Information for Patients:
Stroke Prevention Lifestyle Changes
The first stroke, or transient ischemic attack (TIA), is a wake-up call. Those who have had a stroke once are at increased risk of experiencing a stroke again. If you are not already disabled by the first stroke, the next stroke is more likely to cause disability. However, certain stroke prevention lifestyle changes can help you manage and reduce your stroke risk.
- Stop smoking! Smoking cessation is one of the most significant steps you can take to decrease your chances of future strokes. In fact, studies have shown that five years after smoking cessation, stroke risk decreases to the same level as someone who has never smoked. At Jamaica Hospital, we are here to help by teaching you behavioral methods to sway you away from smoking and providing you with nicotine-replacement products.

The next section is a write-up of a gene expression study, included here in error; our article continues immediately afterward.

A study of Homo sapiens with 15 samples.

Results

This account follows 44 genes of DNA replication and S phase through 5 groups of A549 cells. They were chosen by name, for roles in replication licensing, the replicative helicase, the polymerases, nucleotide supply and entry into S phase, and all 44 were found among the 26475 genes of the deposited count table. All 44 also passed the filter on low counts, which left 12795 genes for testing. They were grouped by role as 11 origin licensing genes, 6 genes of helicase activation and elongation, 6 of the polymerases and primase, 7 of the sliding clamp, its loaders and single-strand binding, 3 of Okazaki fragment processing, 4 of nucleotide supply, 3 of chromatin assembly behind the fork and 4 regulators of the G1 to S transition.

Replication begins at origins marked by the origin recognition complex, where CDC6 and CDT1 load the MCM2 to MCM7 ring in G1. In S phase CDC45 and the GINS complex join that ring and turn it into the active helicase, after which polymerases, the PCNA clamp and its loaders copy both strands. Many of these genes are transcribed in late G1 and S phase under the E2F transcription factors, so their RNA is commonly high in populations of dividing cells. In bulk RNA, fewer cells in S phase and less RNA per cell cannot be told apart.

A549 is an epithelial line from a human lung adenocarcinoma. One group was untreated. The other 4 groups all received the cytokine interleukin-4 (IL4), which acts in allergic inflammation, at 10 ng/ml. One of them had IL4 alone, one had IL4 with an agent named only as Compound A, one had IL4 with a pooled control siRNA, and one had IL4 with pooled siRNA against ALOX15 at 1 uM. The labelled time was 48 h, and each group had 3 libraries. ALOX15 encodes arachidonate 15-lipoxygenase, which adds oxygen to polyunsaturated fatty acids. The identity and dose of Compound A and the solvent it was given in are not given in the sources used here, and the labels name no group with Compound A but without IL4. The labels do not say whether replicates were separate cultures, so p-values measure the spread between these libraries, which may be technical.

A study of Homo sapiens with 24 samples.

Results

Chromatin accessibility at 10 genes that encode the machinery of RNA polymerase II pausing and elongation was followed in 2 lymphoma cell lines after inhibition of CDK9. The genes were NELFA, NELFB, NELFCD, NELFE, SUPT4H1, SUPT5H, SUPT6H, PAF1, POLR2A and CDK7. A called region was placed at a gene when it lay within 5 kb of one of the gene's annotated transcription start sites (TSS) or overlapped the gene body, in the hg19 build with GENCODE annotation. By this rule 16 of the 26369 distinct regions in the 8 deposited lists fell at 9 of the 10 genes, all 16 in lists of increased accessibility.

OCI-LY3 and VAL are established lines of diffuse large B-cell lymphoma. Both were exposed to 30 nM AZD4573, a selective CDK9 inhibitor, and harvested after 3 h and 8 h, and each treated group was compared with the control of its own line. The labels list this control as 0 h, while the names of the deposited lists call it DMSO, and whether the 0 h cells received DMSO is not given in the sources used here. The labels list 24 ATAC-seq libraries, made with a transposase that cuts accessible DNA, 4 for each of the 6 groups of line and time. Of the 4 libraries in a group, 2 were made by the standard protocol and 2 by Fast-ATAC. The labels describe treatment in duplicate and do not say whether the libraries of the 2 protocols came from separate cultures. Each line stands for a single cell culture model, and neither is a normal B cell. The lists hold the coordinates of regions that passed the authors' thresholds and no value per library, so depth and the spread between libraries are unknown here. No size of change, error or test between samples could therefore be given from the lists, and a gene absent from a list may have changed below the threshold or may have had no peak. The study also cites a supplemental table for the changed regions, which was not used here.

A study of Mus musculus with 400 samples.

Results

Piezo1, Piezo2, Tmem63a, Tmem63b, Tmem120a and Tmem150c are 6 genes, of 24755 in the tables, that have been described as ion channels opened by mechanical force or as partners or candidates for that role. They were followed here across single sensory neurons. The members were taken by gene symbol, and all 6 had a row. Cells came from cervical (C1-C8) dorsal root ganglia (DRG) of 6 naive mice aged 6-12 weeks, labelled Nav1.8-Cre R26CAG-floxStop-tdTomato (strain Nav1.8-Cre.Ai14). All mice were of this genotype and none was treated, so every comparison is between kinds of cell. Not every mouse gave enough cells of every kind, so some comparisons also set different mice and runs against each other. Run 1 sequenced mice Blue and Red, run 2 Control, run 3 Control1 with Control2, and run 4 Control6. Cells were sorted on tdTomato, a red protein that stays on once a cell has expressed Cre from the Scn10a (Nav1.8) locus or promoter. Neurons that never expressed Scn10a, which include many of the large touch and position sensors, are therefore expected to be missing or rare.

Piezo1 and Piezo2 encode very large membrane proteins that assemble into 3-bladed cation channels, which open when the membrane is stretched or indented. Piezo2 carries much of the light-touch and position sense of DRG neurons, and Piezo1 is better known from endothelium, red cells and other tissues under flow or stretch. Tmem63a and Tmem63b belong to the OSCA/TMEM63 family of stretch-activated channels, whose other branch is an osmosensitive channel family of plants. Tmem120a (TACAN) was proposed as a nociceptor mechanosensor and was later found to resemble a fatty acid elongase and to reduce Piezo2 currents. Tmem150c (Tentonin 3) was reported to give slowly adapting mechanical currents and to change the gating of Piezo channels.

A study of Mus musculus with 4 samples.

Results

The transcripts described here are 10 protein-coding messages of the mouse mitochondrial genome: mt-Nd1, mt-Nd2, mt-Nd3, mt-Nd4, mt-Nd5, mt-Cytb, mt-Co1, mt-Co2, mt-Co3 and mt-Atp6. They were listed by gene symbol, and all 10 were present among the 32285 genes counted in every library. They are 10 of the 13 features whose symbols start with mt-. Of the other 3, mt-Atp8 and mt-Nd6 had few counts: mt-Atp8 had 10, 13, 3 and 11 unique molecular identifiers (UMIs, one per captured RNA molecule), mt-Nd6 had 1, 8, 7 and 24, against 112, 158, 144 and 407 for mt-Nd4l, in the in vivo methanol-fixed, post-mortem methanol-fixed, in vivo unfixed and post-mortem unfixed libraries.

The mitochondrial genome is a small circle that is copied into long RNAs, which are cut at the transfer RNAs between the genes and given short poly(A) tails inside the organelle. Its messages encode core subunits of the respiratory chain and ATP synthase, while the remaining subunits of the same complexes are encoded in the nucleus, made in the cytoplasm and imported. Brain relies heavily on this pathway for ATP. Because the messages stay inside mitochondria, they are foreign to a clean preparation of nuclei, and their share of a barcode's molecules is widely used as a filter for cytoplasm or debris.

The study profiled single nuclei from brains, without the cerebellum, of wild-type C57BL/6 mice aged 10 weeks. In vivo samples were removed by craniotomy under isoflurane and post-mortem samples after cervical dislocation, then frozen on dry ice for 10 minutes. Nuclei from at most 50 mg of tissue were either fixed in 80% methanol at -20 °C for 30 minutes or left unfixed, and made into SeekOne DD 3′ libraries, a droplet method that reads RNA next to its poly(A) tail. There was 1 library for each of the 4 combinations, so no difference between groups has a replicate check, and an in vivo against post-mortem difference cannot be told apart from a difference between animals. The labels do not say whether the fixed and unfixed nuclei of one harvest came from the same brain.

- Control your weight. By reducing your body weight, you can better control stroke risk factors such as high blood pressure, high cholesterol, and diabetes.
- Increase exercise and physical activity. Try to begin a consistent routine of light physical exercise. It is recommended for patients with stroke to have at least 10 minutes of “moderate intensity” activity four times per week. “Moderate intensity” exercise means activities such as using an exercise bicycle or walking briskly, causing you to break a sweat or raise heart rate.
- Reduce alcohol consumption. Heavy drinking has severe detrimental effects on your health and increases your stroke risk. Alcohol abuse causes hypertension and reduces the focus and clarity of mind you need to focus on your health.